About the interviewee:
Ken LaRoe is the CEO and founder of First GREEN Bank, a community bank in Central Florida with a values-based business model of “People, Planet & Prosperity.” LaRoe has been in the banking business for over 30 years. He founded Florida Choice Bank in 1999 and sold it in 2006 after it had grown to more than $400 million in assets. He started First GREEN Bank in 2009 after being granted the last banking charter in the state of Florida. The bank has since expanded to 5 locations and grown to more than $280 million in assets.
LaRoe was recently appointed to the board of directors for the Global Alliance for Banking on Values and the Brain Injury Association of Florida. He is also a LEED accredited professional and provides scholarships to employees to attain LEED Green Associate and Accredited Professional certification through the U.S. Green Building Council.
Tell me about your company:
First GREEN Bank has 5 locations throughout Central Florida, and a total of 63 employees. Our Mount Dora headquarters is LEED-certified platinum by the U.S. Green Building Council, and is outfitted with eco-friendly materials and runs on solar power. We’ve received the Bauer 5-star rating from the nation’s leading independent financial institution rating service for 11 consecutive quarters, and as of Q2, had accumulated more than $280 million in assets.
We were recently named one of the 50 fastest growing privately-owned companies by the Orlando Business Journal and took home a Silver Stevie at the American Business Awards for Company of the Year in Banking, Financial Services and Insurance. We serve individuals in the community as well as businesses, and have become a magnet specifically for social entrepreneurs who share our ethical values.
What type and size of companies do you have as clients?
The type of companies we usually work with are locally owned businesses with sales size of up to $20 million. We do serve clients with higher sales revenues, but a large portion are in the range of $1 to $20 million. The small business clients are diverse from manufacturers, to general contractors, to restaurant owners and doctors. We also work with faith-based organizations.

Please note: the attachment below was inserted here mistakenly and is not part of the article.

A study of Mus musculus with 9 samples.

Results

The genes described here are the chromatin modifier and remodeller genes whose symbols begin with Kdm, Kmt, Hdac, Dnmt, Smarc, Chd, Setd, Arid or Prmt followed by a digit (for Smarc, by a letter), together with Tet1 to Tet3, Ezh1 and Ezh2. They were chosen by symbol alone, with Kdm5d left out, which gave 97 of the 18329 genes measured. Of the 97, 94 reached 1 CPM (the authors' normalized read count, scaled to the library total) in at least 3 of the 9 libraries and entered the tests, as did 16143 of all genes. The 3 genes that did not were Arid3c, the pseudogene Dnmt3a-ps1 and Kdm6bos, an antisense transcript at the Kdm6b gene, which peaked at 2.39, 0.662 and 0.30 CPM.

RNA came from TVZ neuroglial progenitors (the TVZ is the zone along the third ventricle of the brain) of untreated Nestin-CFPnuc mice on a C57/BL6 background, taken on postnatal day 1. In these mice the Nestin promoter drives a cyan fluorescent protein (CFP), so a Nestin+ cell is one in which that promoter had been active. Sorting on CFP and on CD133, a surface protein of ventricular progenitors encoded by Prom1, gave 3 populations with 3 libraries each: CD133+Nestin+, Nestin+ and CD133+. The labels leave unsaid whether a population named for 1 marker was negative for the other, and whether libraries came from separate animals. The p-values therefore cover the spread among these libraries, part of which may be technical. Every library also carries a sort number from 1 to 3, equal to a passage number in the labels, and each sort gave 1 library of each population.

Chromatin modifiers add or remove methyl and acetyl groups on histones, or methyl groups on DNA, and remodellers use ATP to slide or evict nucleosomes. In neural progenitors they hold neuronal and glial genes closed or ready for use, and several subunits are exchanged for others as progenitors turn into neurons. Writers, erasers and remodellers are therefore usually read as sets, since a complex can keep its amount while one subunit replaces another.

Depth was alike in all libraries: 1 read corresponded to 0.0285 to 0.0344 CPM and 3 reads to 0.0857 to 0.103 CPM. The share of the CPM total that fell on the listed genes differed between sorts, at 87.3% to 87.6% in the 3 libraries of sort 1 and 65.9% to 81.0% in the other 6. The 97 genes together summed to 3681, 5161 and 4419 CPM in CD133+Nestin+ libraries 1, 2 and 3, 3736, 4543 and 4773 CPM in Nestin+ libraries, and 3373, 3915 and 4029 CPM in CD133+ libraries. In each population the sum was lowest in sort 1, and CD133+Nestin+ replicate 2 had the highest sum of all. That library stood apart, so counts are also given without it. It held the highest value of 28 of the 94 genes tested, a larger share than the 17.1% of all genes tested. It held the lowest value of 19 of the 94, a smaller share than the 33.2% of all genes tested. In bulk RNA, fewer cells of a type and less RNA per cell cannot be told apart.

What comes to mind when you think of “breaking the mold”
Breaking the mold in business is showing people that you can be a successful business owner, cut a profit, and still do the right thing. I was inspired to break the mold by Yvon Chouinard, who is the founder of Patagonia. I read his book “Let My People Go Surfing” after I sold the first bank I started, and was traveling the country. I’ve always been a dedicated environmentalist and a capitalist, and the book helped me realize I could incorporate both my passions in business.
A lot of people told me I was crazy to start a bank in the worst recession since the Great Depression, and even crazier to start one with an ethical mission, but I’ve proved them wrong. That to me is breaking the mold. If what you’re doing isn’t unsettling to people, then it’s not probably not all that remarkable or different.
What are the best practices for being innovative and on the cutting edge?
Look ahead to the future and look inside yourself. Take your biggest dreams and amplify them tenfold. Throw the word impossible out of your vernacular. Look at what your peers and fellow business owners are doing. How can you improve on it? How could you implement similar measures in your business? Stay on top of trends in your industry and on a broader scale. Your budget may be limited by your current funds, but your vision should never be.